As stated by the United States Occupational Safety and Health Administration or OSHA burns on the job account for more than 5,000 workers hospitalized each year, 200 of those injuries are fatal. Burn injuries are one of the more serious injuries that take place in the work environment.

Common Burn Injuries Taken Place at Work

Chemical Burns

When soft tissue comes in contact with a synthetic, corrosive material, a chemical burn occurs. In addition to skin, the soft tissue includes ears, eyes, and internal organs. Alkylating agents, thinning agents, acids, solvents, bases, and oxidizers are the main types of corrosive compounds.

Electrical Burns

Coming in contact with either a direct current (DC) or alternating current (AC) causes an electrical burn. Falling into the electrified water, touching a functioning electrical wire or socket, or being struck by lightning results in electrical burns.

Thermal Burns

Contact with boiling liquid, flame, or steam causes a thermal burn. Touching a hot object such as tools, motors, engines, and pipes may also result in a thermal burn. Thermal radiation burns (sunburn) is caused by prolonged exposure to the sun.

Depending on the severity and type of burn, extensive skin damage, internal injuries, and complications may occur from being burned on the job. Rehabilitation, ongoing medical treatment, and mental health counseling are some of the long-term effects that may be necessary from a burn injury. Employees with a serious burn may miss work for an extended period of time or possibly be partially or totally disabled.


Burn severity can vary. The least serious being first degree burns and the most damage is inflicted from fourth-degree burns.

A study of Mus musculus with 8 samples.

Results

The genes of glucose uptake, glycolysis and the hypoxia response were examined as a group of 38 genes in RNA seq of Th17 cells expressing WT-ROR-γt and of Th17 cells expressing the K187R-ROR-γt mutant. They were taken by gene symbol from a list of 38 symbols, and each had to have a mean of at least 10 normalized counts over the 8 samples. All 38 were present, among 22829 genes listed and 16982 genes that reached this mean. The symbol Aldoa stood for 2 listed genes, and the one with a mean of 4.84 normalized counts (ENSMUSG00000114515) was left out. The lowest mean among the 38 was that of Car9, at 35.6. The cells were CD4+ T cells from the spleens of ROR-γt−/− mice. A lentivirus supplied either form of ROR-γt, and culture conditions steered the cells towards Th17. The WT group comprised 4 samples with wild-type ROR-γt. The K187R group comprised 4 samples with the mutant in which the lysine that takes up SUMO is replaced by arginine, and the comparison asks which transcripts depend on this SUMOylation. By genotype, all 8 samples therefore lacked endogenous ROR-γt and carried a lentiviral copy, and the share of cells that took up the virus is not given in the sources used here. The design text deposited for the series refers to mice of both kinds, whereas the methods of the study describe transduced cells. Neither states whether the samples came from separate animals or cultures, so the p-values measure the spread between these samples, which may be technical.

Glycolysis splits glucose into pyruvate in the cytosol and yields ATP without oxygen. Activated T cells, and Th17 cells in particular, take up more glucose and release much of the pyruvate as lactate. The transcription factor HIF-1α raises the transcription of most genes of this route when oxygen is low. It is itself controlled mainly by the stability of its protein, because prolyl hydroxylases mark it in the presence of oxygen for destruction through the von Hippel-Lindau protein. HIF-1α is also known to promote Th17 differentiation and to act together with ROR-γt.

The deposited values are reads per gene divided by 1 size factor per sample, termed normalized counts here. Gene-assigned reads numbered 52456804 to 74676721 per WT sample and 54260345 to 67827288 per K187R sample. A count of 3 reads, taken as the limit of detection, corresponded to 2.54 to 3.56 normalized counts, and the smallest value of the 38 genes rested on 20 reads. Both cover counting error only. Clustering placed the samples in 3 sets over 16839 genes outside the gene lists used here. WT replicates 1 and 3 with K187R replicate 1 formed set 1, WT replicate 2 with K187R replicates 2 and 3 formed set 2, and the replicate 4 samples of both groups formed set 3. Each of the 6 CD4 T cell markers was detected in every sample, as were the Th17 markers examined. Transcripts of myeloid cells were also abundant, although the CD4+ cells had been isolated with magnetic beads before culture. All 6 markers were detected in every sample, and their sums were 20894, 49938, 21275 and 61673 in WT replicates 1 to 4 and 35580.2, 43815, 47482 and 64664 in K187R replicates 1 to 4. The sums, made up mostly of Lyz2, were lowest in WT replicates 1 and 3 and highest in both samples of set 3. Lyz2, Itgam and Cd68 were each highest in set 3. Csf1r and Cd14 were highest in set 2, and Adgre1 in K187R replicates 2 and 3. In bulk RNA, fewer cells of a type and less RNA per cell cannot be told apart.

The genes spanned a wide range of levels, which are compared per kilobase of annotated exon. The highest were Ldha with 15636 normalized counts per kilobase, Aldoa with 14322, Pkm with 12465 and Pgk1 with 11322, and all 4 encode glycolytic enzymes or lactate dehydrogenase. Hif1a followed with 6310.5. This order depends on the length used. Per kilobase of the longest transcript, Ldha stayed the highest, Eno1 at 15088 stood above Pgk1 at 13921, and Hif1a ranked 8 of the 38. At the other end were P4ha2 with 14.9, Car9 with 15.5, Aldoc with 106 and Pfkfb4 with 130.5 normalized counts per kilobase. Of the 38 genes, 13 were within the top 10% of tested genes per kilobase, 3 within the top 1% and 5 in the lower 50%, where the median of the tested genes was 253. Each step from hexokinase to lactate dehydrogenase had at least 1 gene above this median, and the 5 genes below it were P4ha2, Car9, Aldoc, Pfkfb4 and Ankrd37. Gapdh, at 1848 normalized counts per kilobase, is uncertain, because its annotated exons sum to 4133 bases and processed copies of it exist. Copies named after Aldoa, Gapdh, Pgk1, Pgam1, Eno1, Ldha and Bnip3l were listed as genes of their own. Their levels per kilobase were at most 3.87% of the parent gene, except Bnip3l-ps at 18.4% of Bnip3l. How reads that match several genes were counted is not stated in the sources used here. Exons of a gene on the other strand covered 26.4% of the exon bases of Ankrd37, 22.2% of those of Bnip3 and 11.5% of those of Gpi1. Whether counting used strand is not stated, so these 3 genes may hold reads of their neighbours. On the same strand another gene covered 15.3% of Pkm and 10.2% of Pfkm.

First Degree

Less serious burns which may include minor redness and pain is a first-degree burn.

Second Degree

More serious burn affecting the epidermis and dermis causing pain, redness, and discomfort are second-degree burns. Blistering often occur from this type of burn.

Third Degree

Extending into the deep tissue, destroying the epidermis and dermis are classified as third-degree burns. This type of burn can also cause nerve damage. The skin may be white, leathery, or waxy. Third-degree burns are extremely painful.

Fourth Degree

Most serious type of burn injury, penetrating deep within the tissue, causing damage to the nerves, muscles, ligament, tendons, and possibly the bones are fourth-degree burn. This type of burn is often fatal.

If you or someone you care about was burned on the job, contact a New Orleans burn injury attorney to ensure your rights are protected. At the Cueria Law Firm, we have the knowledge and experience needed to ensure you receive full compensation for your burn injuries in Louisiana. Contact them today for a free consultation.